World Radiocommunication Conference opens in Geneva
The World Radiocommunication Conference 2012 (WRC-12) has opened in Geneva, Switzerland, to review and revise the Radio Regulations, the international treaty governing the use of radio frequency spectrum and satellite orbits. The work of this international treaty-making Conference will be conducted over four weeks until 17 February to address the changes required to the regulation of orbit/spectrum resources in the interest of the users of these scarce resources, with global implications for policy-makers, regulators, the industry as well as end-users.
Fuelled by rapid technological developments in information and communication technologies (ICT) along with increasing convergence of radiocommunication services in today’s communication devices, there is an urgent need to ensure the best efficiencies in the use of spectrum, a finite resource. WRC-12 will examine the technical, regulatory and operational aspects to address frequency allocation and frequency sharing to ensure high quality of radiocommunication services for maritime and aeronautical transport as well as for scientific purposes related to the environment, meteorology and climatology, disaster prediction, mitigation and relief.
“The World Radiocommunication Conference will review and modify global spectrum regulations to ensure that this most precious resource is used effectively to benefit all players,” ITU Secretary-General Hamadoun Touré said. “The aim is to ensure reliable radio services are available everywhere and at any time enabling people to live and travel safely while enjoying high performance radiocommunications.”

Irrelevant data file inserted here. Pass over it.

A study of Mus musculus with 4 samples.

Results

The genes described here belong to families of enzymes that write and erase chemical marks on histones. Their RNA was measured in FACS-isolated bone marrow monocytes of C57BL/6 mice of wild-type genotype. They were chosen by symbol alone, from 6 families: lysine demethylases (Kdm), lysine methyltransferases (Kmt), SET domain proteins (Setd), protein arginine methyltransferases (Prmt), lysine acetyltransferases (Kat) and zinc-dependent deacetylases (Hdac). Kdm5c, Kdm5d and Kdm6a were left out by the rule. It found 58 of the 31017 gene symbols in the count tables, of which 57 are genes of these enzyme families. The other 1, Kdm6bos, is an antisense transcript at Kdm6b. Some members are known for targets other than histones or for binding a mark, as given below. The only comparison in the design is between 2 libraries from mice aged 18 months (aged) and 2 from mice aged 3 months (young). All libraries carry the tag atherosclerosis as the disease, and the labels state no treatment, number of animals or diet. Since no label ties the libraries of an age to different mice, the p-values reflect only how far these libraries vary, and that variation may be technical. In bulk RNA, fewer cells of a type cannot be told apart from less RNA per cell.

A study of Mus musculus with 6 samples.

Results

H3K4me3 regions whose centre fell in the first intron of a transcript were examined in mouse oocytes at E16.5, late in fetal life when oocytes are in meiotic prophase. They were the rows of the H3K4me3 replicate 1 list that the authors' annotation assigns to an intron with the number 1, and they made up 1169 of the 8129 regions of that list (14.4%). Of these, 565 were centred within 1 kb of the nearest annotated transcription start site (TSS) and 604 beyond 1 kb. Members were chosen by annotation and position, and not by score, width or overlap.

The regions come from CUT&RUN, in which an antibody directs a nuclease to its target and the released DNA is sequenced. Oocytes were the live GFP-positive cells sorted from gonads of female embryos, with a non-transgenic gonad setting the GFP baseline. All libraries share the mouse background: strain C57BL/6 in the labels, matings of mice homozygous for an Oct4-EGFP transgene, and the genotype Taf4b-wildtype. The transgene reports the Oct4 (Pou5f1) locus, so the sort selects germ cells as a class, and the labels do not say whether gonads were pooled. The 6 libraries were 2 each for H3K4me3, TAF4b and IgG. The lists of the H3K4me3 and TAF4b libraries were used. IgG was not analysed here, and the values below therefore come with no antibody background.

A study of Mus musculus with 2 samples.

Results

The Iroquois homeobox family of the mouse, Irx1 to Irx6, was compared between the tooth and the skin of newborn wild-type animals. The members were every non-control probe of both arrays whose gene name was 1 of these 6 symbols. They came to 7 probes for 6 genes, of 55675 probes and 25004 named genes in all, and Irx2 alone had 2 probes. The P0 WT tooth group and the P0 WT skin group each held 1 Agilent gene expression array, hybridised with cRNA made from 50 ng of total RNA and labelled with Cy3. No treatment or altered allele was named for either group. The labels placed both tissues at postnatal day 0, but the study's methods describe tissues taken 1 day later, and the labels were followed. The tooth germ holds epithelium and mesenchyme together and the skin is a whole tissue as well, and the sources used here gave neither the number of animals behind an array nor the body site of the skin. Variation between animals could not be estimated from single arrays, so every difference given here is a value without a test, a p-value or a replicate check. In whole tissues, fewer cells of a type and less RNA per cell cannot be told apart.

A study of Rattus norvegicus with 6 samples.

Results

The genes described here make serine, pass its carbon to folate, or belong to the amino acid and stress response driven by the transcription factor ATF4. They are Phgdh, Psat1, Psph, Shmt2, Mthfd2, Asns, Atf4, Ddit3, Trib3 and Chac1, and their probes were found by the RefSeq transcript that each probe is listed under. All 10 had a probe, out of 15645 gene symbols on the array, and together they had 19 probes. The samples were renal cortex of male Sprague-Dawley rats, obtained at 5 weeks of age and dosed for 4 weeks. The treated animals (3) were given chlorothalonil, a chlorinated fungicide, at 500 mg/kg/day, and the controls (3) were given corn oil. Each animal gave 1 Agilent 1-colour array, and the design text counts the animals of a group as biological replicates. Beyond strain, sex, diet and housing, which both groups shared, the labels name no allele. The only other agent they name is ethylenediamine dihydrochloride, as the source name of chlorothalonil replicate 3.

The management of satellite orbital slots and associated spectrum resources will be a key area of focus for WRC-12. The Conference goal will be to ensure that the modifications made to the international procedures for the coordination and registration of satellite systems provide for equitable and efficient use of these resources.
WRC-12 will also advance the introduction of mobile broadband and other advanced technologies such as the development of Ultra High Definition Television (UHDTV), promote the use of the digital dividend resulting from the switch over to digital TV, as well as consider the potential for radiocommunications to act as a catalyst to reduce the impact of human activity on the environment.
François Rancy, Director of ITU’s Radiocommunication Bureau, said, “The decisions taken by the ITU Membership during WRC-12 will play a vital role in contributing towards improved access and development of ICT wireless infrastructure, in particular in meeting the challenges of mobile broadband and ensuring that ICTs work for the benefit of all the world’s people. The objective is to enable the introduction of the latest technological developments, while protecting investments and favouring economies of scale.”